Gay marriage has been a major topic in Alabama’s political world.
On Tuesday, Feb. 3, the 11th Circuit Court in Atlanta denied the state of Alabama a stay on a district judge’s ruling, which allows same-sex marriage in Alabama, according to an al.com article. This ruling makes Alabama the 37th state to allow gay marriage.
U.S. District Judge Callie V.S. Granade ruled Jan. 23 that Alabama’s Marriage Protection Act and the Sanctity of Marriage Amendment were unconstitutional.
An al.com article said that after the Atlanta court’s ruling, the Alabama attorney general’s office said that it would attempt to contact the U.S. Supreme Court to try to have the ruling overturned.
Alabama Chief Justice Roy Moore has made statements against the court’s ruling.
According to the al.com article, Moore said that only the U.S. Supreme Court can “overrule state law.”
He said, in a letter to Alabama’s probate judges, that judges are not required to give marriage licenses to same-sex couples, according to a Huffington Post article.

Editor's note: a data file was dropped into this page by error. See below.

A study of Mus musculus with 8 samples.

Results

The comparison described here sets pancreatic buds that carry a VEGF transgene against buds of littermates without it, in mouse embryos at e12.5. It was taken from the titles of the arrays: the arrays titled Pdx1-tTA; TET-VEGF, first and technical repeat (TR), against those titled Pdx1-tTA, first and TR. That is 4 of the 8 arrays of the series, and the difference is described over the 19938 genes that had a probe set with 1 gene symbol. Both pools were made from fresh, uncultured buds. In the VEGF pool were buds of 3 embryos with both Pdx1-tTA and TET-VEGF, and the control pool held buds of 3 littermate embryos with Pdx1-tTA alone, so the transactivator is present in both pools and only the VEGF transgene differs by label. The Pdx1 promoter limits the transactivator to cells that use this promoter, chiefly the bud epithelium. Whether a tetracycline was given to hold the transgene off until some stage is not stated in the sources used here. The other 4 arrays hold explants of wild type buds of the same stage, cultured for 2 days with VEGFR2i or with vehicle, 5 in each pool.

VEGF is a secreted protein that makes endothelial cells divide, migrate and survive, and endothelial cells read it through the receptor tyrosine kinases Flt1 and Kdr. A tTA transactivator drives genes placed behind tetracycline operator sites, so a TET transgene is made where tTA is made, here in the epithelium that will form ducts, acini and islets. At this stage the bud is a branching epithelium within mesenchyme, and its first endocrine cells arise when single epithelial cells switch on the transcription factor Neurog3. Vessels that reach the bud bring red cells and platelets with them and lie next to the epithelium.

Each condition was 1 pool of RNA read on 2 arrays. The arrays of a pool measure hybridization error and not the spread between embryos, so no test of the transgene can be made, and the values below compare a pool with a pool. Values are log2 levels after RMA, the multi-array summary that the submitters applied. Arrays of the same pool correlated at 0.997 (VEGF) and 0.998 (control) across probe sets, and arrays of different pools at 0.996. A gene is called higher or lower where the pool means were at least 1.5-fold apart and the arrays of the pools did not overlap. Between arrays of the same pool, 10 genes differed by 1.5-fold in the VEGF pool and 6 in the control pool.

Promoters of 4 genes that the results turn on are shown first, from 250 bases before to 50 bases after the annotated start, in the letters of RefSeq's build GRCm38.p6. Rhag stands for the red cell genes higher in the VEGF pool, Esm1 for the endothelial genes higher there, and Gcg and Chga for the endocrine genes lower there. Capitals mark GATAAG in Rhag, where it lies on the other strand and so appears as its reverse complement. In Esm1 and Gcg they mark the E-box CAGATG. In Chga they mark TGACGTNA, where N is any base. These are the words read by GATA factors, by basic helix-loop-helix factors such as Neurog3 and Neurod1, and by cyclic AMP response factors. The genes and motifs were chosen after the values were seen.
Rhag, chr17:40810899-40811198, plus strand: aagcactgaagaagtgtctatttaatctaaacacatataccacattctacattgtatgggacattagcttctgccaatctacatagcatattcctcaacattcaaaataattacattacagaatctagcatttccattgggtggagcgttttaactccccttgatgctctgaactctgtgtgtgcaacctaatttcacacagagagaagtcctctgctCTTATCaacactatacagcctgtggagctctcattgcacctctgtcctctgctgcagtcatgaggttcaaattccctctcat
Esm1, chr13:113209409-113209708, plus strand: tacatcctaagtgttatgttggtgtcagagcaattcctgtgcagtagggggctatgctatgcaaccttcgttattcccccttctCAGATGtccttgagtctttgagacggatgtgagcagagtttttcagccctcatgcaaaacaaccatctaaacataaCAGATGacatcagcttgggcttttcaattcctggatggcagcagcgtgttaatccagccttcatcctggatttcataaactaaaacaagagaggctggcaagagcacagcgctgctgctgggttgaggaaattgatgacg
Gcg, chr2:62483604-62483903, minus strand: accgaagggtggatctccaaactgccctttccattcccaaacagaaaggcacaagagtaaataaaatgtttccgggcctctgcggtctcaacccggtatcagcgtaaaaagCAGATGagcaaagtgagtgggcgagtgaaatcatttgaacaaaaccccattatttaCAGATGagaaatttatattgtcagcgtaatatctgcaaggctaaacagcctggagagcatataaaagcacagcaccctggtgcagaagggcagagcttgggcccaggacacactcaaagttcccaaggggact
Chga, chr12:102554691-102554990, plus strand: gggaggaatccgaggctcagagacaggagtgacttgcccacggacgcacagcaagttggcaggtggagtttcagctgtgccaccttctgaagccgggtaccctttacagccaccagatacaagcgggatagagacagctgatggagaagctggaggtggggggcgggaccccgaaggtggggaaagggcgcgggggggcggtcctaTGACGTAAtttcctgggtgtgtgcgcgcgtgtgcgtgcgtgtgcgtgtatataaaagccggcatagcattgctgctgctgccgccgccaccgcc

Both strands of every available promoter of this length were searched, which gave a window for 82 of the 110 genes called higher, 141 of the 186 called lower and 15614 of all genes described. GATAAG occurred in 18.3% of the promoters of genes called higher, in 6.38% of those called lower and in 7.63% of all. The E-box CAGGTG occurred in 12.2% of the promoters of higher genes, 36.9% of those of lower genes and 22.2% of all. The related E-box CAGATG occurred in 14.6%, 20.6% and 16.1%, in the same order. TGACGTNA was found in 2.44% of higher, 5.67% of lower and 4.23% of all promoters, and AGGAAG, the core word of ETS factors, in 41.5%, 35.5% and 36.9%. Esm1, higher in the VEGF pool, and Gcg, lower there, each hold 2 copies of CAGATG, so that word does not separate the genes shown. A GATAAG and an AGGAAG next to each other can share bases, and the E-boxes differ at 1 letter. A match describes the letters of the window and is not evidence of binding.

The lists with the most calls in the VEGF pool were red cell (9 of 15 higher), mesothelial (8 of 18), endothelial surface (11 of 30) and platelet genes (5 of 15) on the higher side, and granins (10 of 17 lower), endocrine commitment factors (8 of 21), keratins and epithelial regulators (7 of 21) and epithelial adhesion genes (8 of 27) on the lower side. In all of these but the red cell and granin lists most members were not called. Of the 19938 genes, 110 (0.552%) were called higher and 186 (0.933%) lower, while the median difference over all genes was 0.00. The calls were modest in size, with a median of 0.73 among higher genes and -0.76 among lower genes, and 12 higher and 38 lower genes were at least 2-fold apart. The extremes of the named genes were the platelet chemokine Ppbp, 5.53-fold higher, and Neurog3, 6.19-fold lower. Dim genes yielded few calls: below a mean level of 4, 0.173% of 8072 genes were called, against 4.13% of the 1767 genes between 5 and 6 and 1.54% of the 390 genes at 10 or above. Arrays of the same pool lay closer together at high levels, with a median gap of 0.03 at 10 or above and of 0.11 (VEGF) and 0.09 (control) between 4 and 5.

Because of his remarks about gay marriage in the state of Alabama, the Southern Poverty Law Center has filed a complaint against Moore, according to the group’s website. The group, on its website, said that Moore “is intoxicated by his own sense of self-righteousness. He doesn’t seem to understand that we’re a nation of laws, not of men.”
The group, a civil rights activist group, has filed a lawsuit in the past against the Marriage Protection Act and the Sanctity of Marriage Amendment.
According to the al.com article, the only way that this ruling can be overturned now is if the U.S. Supreme Court follows the Sixth Circuit Court of Appeals in Cincinnati’s decision “to reverse lower court rulings” regarding same-sex marriages.
The U.S. Supreme Court’s ruling is expected in June.